Thursday, January 12, 2006

Save Those Empty Medicine Bottles!!

Mindy Hammonds explained that one way the Hands of Hope family clinic saves money is to use donated medicine bottles.

So today I searched out a cardboard box from the tornado shelter and will label it before Sunday and place it in the church hallway. I had taken bottles there before so this was not new information to me, but several had no idea that their old bottles could have practical value to someone else.

Mindy told us that we do not even need to remove the labels since they have volunteers who put the bottles in a steamer that takes care of removing them. The first time I took bottles there, I had conscientiously removed the labels. What a job!! And what a relief to find that was not necessary. You may of course if you desire for privacy, but you don't need to for the clinic's sake.

If you live in Williamson, Johnson, or Franklin Counties, just drop your bottles by Hands of Hope Family Clinic at 808 West Prairie in Marion. Or better yet, collect as a group, and then only one person will need to make the delivery trip. That saving of gas can help our environment even as your medicine bottles help the working families who cannot afford health care.

If you live elsewhere, find out if there is a clinic somewhere near you that could use your empty bottles after you use the meds. The clinic brochure tells us that nationwise, over 44 million Americans are either uninsured or underinsured. Putting off needed health care creates more serious problems for those who are already struggling to live on a low income.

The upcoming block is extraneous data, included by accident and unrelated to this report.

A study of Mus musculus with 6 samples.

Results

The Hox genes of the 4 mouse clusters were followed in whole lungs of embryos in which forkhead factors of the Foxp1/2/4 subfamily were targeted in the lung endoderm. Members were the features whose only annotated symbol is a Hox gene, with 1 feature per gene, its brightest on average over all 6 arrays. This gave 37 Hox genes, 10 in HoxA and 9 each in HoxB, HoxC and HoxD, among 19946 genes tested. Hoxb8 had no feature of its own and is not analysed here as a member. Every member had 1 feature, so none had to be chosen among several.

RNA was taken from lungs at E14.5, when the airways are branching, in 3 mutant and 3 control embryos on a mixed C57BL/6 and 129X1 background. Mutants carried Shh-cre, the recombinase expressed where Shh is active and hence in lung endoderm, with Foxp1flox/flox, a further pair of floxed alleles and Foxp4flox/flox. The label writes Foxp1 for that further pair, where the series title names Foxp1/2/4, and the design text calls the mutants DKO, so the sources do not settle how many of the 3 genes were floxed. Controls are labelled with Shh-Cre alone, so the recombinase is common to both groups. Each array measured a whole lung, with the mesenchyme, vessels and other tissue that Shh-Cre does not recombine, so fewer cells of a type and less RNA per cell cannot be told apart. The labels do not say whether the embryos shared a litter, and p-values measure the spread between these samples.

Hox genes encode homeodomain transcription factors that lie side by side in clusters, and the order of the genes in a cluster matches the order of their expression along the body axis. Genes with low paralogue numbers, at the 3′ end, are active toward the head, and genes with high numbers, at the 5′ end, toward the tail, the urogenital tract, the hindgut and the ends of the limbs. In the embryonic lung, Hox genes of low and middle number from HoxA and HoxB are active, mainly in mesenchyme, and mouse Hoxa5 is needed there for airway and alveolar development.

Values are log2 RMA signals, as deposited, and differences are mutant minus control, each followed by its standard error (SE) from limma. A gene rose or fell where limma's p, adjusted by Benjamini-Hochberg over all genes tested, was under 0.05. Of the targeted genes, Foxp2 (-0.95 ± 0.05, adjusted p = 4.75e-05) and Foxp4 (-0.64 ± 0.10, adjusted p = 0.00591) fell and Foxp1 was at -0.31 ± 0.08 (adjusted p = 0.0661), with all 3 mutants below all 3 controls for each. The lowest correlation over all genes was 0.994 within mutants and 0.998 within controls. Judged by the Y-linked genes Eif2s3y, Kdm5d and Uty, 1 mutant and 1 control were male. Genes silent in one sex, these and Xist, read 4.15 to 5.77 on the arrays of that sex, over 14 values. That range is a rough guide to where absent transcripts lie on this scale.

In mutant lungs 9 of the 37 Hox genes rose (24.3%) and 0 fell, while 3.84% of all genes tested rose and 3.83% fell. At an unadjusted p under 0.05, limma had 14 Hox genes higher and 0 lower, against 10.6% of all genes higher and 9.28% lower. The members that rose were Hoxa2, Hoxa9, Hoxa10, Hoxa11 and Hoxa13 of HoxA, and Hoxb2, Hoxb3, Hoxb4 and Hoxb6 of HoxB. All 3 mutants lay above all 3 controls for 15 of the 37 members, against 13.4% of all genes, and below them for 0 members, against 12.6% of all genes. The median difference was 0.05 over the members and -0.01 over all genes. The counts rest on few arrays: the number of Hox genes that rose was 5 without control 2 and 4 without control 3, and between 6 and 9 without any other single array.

The Hands of Hope Family Clinic accepts no fees for services and cannot bill Medicaid for public assistance. These families are not elgible for such help because they are working and make more than allowed.

The brochure explains, "The clinic is organized as a tax-exempt , Illinois not-for-profit corporation and is governed by a board of directors made up of area health care and public health oficials, business professionals, physicians, clergy, and lay people. Day to day operations of the clinic are overseen by a paid director and two part-time employees. All other medical, nursing care, case management services, and clerical support is provided by volunteers."

If you have time and needed skills to volunteer, see if you can help. If you have money to donate, the clinic can use it. Otherwise, save those empty medicine bottles and help out in this small way!